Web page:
Nitty-gritty debate: how many electric motors should hybrids use?
The Toyota Prius and other hybrid models from the Big-T use that company's Hybrid Synergy drive. It's a system that's become familiar over the years, but even hybrid fans may not be aware that the system includes not one, but two electric motors. It also has two clutches and, depending on the implementation, up to three sets of planetary gears. Similar setups are used in models from Ford like the Fusion Hybrid, in GM's two-mode hybrid models, the Honda Insight and other hybrids.
The two-motor system provides a good deal of flexibility. Both motors can drive the car when a boost is needed, both can charge the batteries, or one can actually charge the batteries while the other drives. The system also increases smoothness. If you've ever driven one of these hybrids you've probably experienced the near-seemless transition between gas and electric operation. The infinitely variable ratios this setup allows help to keep the gas engine and electric motors working at their optimum speeds.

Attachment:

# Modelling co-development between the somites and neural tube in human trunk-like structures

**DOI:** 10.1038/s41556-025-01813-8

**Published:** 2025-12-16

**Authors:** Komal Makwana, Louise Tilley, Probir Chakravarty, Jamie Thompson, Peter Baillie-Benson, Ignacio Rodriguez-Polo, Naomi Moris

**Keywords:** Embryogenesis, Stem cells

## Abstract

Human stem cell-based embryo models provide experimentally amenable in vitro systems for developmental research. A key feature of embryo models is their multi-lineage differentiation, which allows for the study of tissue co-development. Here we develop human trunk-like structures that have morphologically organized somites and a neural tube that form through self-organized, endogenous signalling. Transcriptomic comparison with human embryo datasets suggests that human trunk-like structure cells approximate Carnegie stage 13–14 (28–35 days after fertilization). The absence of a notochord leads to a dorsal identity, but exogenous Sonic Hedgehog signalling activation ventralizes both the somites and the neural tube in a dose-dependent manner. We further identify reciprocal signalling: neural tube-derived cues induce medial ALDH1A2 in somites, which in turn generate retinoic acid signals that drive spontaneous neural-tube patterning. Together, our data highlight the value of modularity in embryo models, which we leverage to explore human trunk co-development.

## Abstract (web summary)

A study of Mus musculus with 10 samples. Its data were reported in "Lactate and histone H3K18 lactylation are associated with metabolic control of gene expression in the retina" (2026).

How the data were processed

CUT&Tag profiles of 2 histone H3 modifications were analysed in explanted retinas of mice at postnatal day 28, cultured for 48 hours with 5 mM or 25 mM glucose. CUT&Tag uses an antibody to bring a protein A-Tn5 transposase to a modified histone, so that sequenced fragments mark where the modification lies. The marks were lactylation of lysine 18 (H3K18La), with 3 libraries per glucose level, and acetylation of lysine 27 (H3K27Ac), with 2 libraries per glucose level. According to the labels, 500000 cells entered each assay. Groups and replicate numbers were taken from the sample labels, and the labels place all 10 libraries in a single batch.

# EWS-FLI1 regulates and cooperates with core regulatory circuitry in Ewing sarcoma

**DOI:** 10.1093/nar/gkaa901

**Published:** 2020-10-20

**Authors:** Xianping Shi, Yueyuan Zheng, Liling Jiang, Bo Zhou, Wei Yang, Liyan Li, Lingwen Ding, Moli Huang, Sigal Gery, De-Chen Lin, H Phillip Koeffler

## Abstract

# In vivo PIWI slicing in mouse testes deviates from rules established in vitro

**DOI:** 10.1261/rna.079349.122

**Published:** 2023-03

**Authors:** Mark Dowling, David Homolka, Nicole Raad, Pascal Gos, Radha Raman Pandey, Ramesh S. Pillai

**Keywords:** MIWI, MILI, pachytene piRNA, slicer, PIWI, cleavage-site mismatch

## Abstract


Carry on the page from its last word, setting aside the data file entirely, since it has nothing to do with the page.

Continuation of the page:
However, the two-motor system is also complex, costly, and potentially more difficult to maintain. For that reason, many hybrid systems entering the market in the last couple of years have only one electric motor. This is true for offerings from VW, Hyundai, and Nissan. Squeezing the single electric motor in between the gas engine and the transmission means that there are many fewer new components and the hybrid is much more similar to non-hybrid models. Theoretically, this should make the hybrid system less complex, less expensive, and easier to maintain. Which could be enough to offset not-quite-optimum operation.
Which system will win out? Some two-motor makers, such as GM, are looking into moving to one-motor systems. So it may be that simplicity will ultimately edge flexibility. However, the best selling hybrids – and the most fuel sipping – are based on a two-motor arrangement. Who knows, maybe we'll end up with four.